How to determine if the results of my test data are significant

#1
I'm not sure if this is the right place to ask this, I have been conducting a test on 3 different soaps to determine if people wash their hands faster with one soap over another. I have about 500 data points for each soap of the amount of time some one ran a faucet for while using that soap. This is in an office setting with an average of 19 men and 15 women, about half of the data was taken in the mens restroom and the womens restroom for each soap.

Using these hypothetical results:
soap 1- average 13.32 seconds with a standard deviation of 6.7
soap 2- average 12.67 seconds with a standard deviation of 7.09
soap 3- average 13.13 with a standard deviation of 7.15

Can I say with certainty that people that use soap 2 wash their hands faster? Or is the difference too small to make a determination? I am just using Microsoft excel for this.
 
#3
Should the sample size be 500?

There is about 250 data points from the mens rest room for each soap and about 250 data points from the womens rest room for each soap that was recorded over a period of a couple weeks.
But this is in an office that typically has 19 men and 15 women working. I am unclear if the sample size should be 500 or the total amount of people which is 34. In excel I just used the standard deviation of a sample function (stdev.s).

I can't post the raw data, but I found this link very helpful: https://www.wikihow.com/Assess-Statistical-Significance
I plan on following this
 

hlsmith

Not a robit
#4
Do you know the times for individual people along with soap type and number or washings they had? You are likely looking at needing to make comparisons using multilevel multiple linear regression modeling. This is because worker Dason may have only washed his hands with soap A and worker Spunky only used B, etc. Not controlling for individual level data you would actually be comparing Dason to Spunky and not soap A to B, since you wouldn't know how long they would have taken if using the other soap.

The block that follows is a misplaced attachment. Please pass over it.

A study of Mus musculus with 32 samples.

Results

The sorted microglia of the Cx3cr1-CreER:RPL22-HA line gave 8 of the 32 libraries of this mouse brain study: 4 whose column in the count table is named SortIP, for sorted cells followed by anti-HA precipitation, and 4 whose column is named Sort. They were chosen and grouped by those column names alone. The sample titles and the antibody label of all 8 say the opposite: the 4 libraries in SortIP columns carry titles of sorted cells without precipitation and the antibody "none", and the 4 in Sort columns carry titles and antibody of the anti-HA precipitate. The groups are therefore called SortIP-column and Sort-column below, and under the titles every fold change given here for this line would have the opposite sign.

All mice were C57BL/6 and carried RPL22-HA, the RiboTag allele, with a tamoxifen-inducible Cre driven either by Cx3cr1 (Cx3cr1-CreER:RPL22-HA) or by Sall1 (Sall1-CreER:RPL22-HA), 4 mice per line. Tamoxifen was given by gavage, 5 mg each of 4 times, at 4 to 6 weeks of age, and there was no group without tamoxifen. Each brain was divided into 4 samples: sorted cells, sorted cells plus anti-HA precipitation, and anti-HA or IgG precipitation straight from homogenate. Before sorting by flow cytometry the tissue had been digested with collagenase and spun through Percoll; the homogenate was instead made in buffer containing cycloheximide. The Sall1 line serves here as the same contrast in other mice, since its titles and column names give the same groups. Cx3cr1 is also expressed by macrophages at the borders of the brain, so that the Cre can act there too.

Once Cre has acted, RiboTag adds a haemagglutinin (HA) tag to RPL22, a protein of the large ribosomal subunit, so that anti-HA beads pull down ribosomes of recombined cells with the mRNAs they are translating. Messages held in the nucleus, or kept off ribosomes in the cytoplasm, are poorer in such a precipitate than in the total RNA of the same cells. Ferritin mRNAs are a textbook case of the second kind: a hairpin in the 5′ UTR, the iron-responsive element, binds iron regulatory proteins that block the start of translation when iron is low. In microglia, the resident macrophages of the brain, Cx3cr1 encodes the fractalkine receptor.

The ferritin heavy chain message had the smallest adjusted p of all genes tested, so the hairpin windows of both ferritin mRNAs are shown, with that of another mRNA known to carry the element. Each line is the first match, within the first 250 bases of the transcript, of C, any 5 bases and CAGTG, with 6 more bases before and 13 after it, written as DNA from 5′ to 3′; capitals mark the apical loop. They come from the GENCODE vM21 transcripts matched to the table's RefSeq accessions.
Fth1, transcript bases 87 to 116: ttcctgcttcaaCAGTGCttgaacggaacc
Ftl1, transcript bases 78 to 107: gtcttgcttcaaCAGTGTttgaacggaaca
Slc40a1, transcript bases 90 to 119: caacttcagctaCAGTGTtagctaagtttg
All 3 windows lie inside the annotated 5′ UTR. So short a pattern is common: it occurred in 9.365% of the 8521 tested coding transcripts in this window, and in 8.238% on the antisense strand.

Though, I would tell you that given the crude parameters above you are likely not going to find a difference. Given frequentist approaches, 95% of soap group values should be within 2 standard deviation, so 0-26 seconds, do the same thing for the other groups and see quite a bit of overlap in times. It would be hard to imagine controlling for individual level data would overcome this. Also, are you desiring to control for gender? That would need to go in the above model as well.
 

hlsmith

Not a robit
#6
Yeah, but unless you provide more details I am going to now say, what happens is Dason washed his hands once with soap A and 3 times with B, and vice versa for Spunky. We don't know how balanced the design is and whether individual level data needs to be controlled for.